Note: I'm moderating a panel on Steven Universe and The Legend of Korra at the ConFusion convention in Detroit, Jan. 21 to 24. Stop by the panel to hear more of my views on these groundbreaking series.
And yes, there are spoilers below. Minor spoilers, but if you haven't watched at least the first season of Steven Universe you should read no more.
The latest StevenBomb is over, with five new episodes of Steven Universe airing last week on Cartoon Network. I enjoyed all of the episodes, with one of them — "The Answer," featuring Garnet sharing how Ruby and Sapphire met — ranking among the best of an already great series.
As an added bonus, another of these new episodes confirmed something I've long suspected about Steven Universe: The show is an alternate history.
One of Steven Universe's strengths is that it melds the different speculative fiction genres together, mixing fantasy and science fiction in compelling, eye-opening ways. Despite this, during most of the show's first season it appears the Crystal Gems merely live in a slightly wackier version of our current world. In fact, when I first saw the show's initial two dozen or so episodes I believed the Gems were using their warp pads to jump to other strange planets, not to other places on Earth.
However, I soon learned that these "strange planets" the Crystal Gems were always warping to were actually different places on Earth, places which didn't usually correspond to life and environments as we know them. There were also hints in the first season of a much deeper backstory involving the thousands of years Garnet, Amethyst, Pearl, and Rose Quartz spent on Earth.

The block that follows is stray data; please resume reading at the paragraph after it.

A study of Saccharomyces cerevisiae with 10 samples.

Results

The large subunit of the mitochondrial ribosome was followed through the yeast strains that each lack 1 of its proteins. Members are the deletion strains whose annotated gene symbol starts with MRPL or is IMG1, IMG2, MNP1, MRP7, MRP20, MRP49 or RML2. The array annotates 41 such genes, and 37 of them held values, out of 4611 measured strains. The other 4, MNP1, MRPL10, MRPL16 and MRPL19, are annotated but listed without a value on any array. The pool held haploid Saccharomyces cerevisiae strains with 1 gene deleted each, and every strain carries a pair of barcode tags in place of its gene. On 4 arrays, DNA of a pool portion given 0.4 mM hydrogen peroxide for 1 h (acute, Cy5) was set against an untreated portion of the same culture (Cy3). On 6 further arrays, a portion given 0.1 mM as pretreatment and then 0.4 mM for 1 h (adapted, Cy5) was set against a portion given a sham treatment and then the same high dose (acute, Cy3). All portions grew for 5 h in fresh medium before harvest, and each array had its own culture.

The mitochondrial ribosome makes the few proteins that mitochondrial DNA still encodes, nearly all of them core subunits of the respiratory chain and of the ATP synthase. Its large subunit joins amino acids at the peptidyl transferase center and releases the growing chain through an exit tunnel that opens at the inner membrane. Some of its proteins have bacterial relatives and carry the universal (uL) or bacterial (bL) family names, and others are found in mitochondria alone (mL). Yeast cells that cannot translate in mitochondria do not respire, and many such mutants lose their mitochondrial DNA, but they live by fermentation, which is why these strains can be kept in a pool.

This history eventually emerges in the first season's second to last episode, "The Return," when Steven's father Greg Universe tells his son that not all gems are like the Crystal Gems. He says the gems invaded Earth and there was a rebellion and war led by Rose Quartz, with many gems and humans dying.
At this point I knew that Steven Universe didn't merely meld together SF and fantasy. The show also brought in the genre of alternate history, with historical events unfolding in severely different ways from what's written in our current history books.
The new Steven Universe episodes confirm this. In the episode "It Could've Been Great," the Crystal Gems visit the moon and show us a map of Earth. As you can see from the map above, there are a number of differences with the Earth as we know it.
Yes, the show's distinctive art style can account for some of these differences. But others are absolutely deliberate. Part of Africa is missing and appears to be connected to South America. There's a new and massive body of water in central Russia, in the middle of which sits the red dot of a Gem colony site.
Considering how Rebecca Sugar and the rest of the talented Steven Universe creators continually sneak in glimpses of future storylines — such as how they foreshadowed Garnet being a fusion gem — I have little doubt this alternate history of Earth will receive increased attention in the coming seasons.
Alternate history is a difficult genre to successfully pull off because different historical events can cause severe changes to stories set in the "present." If a story's present time is vastly different from the world a reader or viewer knows, you have to explain that backstory and history. Which turns into a massive infodump and/or seems silly to said reader or viewer.
Steven Universe avoided this by creating a world which appears similar to our own but whose vastly different history is only slowly being revealed. That's a brilliant way to reveal the startling different history and world creation of Steven Universe.
But brilliance is what we've come to expect from this amazing show and its creators.